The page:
Auschwitz Crumbling (excerpt)

WIĘCIM, Poland—As they do on every anniversary of the liberation of Auschwitz by Soviet troops, witnesses to the Holocaust will gather Sunday, older, frailer, fewer than the year before.

After 68 years, the camp itself is showing its age under the pressures of time and tourism.

With a budget underwritten by the state of Israel, the current director, Jo’zef Korzeniowski, a 63-year-old retired hospital administrator in Warsaw, is searching for ways to preserve vital evidence of Nazi atrocities and update the exhibits without chipping away at Auschwitz’s authenticity—or giving fodder to Holocaust deniers.

“The major dilemma,” Korzeniowski informed a group of Israeli Knesset ministers crowded into his office in one of the Auschwitz barracks, “is preserving what is original while permitting visitors to see and touch.”

“This wasn’t constructed like a gothic cathedral to endure for centuries,” Korzeniowski reminded the ministers. “It was a Nazi death camp built to last a short time.”

Most sensitive, perhaps, is what to do about the remains of gas chambers which are slowly sinking into the earth, the result of weather, erosion and gravity.

Toward the end of World War II as the Soviet army advanced, the Nazis attempted to destroy the evidence by blowing up the gas chambers and crematoria in its multiple extermination camps. Today, those testaments to German engineering are mostly in ruins, an abstract “canvas” both of the original crimes against humanity and the attempt to conceal them.

Auschwitz alone survived largely intact.

Given its singular role as proof of the Nazi atrocities inflicted on Jews, Roma humans, homosexuals, communists, and the physically and mentally disabled, the decay of Auschwitz poses a special problem.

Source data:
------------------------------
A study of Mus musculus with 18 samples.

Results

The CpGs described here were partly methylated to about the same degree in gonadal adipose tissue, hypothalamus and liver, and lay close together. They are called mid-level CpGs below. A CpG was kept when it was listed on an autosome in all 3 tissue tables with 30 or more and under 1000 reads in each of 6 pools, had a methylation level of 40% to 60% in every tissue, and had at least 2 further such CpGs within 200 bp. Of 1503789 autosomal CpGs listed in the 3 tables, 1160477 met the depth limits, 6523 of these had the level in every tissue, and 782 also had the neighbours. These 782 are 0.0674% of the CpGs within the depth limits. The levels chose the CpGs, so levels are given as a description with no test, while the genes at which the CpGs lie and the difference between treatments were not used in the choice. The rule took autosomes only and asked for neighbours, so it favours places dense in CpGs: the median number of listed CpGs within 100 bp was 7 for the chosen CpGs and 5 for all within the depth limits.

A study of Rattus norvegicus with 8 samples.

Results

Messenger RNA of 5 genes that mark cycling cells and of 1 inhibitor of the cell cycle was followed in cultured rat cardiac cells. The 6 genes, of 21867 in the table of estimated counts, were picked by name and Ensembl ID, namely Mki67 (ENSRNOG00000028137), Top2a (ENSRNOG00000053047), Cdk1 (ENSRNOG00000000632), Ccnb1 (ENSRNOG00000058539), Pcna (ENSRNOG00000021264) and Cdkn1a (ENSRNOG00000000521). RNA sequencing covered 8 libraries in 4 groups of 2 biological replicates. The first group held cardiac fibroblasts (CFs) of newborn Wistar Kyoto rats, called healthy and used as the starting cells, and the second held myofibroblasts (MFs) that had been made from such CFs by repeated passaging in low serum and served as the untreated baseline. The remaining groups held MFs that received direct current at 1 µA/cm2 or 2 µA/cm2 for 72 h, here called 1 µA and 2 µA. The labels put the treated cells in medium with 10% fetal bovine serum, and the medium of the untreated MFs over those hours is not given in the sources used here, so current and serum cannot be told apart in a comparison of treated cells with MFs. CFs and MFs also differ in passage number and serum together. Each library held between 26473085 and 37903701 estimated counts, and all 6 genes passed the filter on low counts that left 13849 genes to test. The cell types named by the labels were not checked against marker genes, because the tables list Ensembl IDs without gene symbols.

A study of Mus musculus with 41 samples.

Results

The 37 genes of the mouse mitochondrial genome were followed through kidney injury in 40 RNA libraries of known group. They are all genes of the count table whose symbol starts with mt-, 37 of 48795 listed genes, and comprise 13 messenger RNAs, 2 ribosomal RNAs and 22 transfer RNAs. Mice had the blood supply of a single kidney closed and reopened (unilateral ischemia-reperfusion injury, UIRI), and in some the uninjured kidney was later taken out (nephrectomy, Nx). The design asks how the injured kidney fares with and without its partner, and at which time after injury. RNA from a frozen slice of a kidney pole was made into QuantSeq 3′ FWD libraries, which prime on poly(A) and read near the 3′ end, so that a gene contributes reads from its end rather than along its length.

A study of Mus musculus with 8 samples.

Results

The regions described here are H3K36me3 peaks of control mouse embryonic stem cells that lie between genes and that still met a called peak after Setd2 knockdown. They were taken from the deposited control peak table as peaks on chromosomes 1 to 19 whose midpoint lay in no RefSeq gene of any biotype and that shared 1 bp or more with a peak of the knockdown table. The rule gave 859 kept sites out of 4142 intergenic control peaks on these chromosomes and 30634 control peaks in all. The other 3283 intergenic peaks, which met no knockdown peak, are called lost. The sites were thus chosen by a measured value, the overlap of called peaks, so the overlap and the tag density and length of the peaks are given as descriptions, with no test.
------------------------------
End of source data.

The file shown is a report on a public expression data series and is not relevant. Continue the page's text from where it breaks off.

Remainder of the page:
Still visible are the railroad tracks on which the “cattle cars”
transported the condemned to the camp,
the barracks where they lived in appalling conditions,
the chambers where they were gassed,
the crematoria where their bodies were incinerated.

Auschwitz, 68 years after, provides a picture of how the camp operated, whereas many other former Nazi extermination camps, including Treblinka and Belzec, are marked today only by rusted monuments.

Auschwitz’s eventual decay is accelerated because the materials used, such as softwood in the watchtowers and the barracks, will rot or collapse.

Korzeniowski reminded the Knesset ministers that some of the decaying structures at the camp were initially constructed by weak and starving inmates exerting minimum effort to preserve their strength.

Evidently, those inmates rejected the exhortation which the Nazis nailed over the main entrance to Auschwitz: Arbeit Macht Frei—“Work will make you free.”

{To read the rest of this piece, please purchase Issue 39.1.}

 

Harold Jaffe is the author of 20 volumes of fiction, docufiction, essays, and indeterminate texts, including Revolutionary Brain; Paris 60; Anti-Twitter: 150 50-Word Stories; 15 Serial Killers; and Straight Razor. Jaffe is editor-in-chief of Fiction International.